What to do if you are outside during a thunderstorm.

I know you are probably anxiously awaiting Memorial Day Weekend. It’s the unofficial start to summer, and many of you are ready to enjoy and unplug during a long weekend! You probably already have outdoor plans, like a backyard BBQ, heading to the lake, or maybe even a family hike. When you have outdoor plans, it is imperative that you know the weather forecast, especially this time of year.

Quick forecast discussion- Friday, Saturday, Sunday and Monday all hold a thunderstorm chance for the Tennessee Valley. In fact, Sunday holds the potential for strong to severe thunderstorms. We have another blog post about that risk, and we will have more updates throughout the week.

Let me be clear: if there are thunderstorms in the forecast, I would strongly advise against outdoor plans. I get it. You’ve had these plans for weeks. People are coming in from out of town. “The chances are not that high.” The river is your therapy. The last thing you want to do is cancel your plans. We can’t make you do one thing or another, no matter what we advise. If you are going to do it anyway, here are some things I would like you to think about.

  • Check the forecast. Then check it again. Especially during summertime, the forecast can change significantly from the night before to the morning of. Always have the most up to date weather information if you have outdoor plans.
  • When thunder roars, go indoors. This is a basic elementary rule of thumb. If you can hear thunder, the storm is close enough for lightning to strike your location.
  • Have a way to receive current, real-time weather alerts. I may be biased, but may I suggest our FREE Tennessee Valley Weather app? Search our name in your app store (Android). Once you’ve downloaded the app, make sure you allow your location to be shared and turn on notifications. You will get notifications of weather information like severe thunderstorm warnings, tornado warnings, lightning proximity, and you can also watch our live coverage, regular forecast videos, and look at radar yourself. I mean, it really is a one stop shop. You’ll get these alerts right to your smartphone, specific to your exact location, as long as you have cellphone service. If you don’t have service, that’s when the above point comes in handy. Even if you are outside of the viewing area, you will still receive alerts. A portable NOAA Weather Radio is also a great option!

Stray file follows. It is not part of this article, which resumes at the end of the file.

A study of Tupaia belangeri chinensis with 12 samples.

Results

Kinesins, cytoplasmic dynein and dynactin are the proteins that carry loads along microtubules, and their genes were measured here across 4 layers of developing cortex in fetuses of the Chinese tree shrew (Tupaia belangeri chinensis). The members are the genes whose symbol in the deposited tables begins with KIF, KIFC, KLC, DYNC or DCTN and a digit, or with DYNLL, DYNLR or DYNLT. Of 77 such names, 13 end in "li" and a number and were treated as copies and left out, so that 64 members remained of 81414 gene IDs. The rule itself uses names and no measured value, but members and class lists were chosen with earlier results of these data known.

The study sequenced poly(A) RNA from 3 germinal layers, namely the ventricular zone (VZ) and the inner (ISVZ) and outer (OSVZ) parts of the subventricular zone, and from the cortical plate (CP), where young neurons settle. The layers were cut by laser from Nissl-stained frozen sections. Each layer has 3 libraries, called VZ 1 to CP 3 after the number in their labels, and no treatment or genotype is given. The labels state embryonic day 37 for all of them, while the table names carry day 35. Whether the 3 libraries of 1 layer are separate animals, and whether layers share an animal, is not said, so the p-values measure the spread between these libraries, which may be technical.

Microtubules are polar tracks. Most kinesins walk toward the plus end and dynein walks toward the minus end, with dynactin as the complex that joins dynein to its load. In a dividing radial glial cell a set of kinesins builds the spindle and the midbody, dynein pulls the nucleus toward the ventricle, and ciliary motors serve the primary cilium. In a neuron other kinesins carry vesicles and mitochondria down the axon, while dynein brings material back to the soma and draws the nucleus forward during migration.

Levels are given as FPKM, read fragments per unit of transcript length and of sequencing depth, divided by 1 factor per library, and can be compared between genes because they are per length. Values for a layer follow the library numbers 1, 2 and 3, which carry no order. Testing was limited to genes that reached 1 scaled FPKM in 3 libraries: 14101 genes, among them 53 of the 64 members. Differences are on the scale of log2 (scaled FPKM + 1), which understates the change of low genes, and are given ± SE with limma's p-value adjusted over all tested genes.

Have a shelter plan. Before you set off on your hike or start up the boat, be aware of your proximity to nearest shelter at all times. Indoors is best, inside a vehicle is ok if the only threat is lightning. Inside a vehicle is better than under a pavilion or awning. Make sure you are not the tallest object, wherever you are.

LIGHTNING SAFETY

  • Stay away from water and metal. Both are conductors of electricity.
  • An average boat is not safe during a thunderstorm.
  • Avoid open fields
  • Avoid high elevations
  • Avoid trees and other tall objects.
  • Lightning tends to strike the tallest object in a space.

Personal Anecdote- My family and I spent many summers on my grandfather’s boat on a lake in Arkansas. One day, we knew thunderstorms were in the forecast, but we went out on the water anyway. Me being the weather nerd I was (and still am, of course) I knew a thunderstorm was on the way toward us. I told everyone we need to get back to the boat dock and we headed that way. The storm was on our tail the whole time, but we made it off the boat. Not even five minutes later, we were all in out vehicles and the storm hit. The thunderstorm ended up producing a microburst and flipped dozens of boats and even tore up and flipped some of the docks right before our eyes. It was terrifying, even more so thinking we were just minutes away from still being out on the water.

Like I said above, if thunderstorms are in the forecast, please reconsider your outdoor plans. We can’t make your decisions for you, and your safety is our top priority no matter what. Consider the contents of this post. And you never know, a surprise July thunderstorm may catch you off guard. My rule of thumb? Better safe than sorry.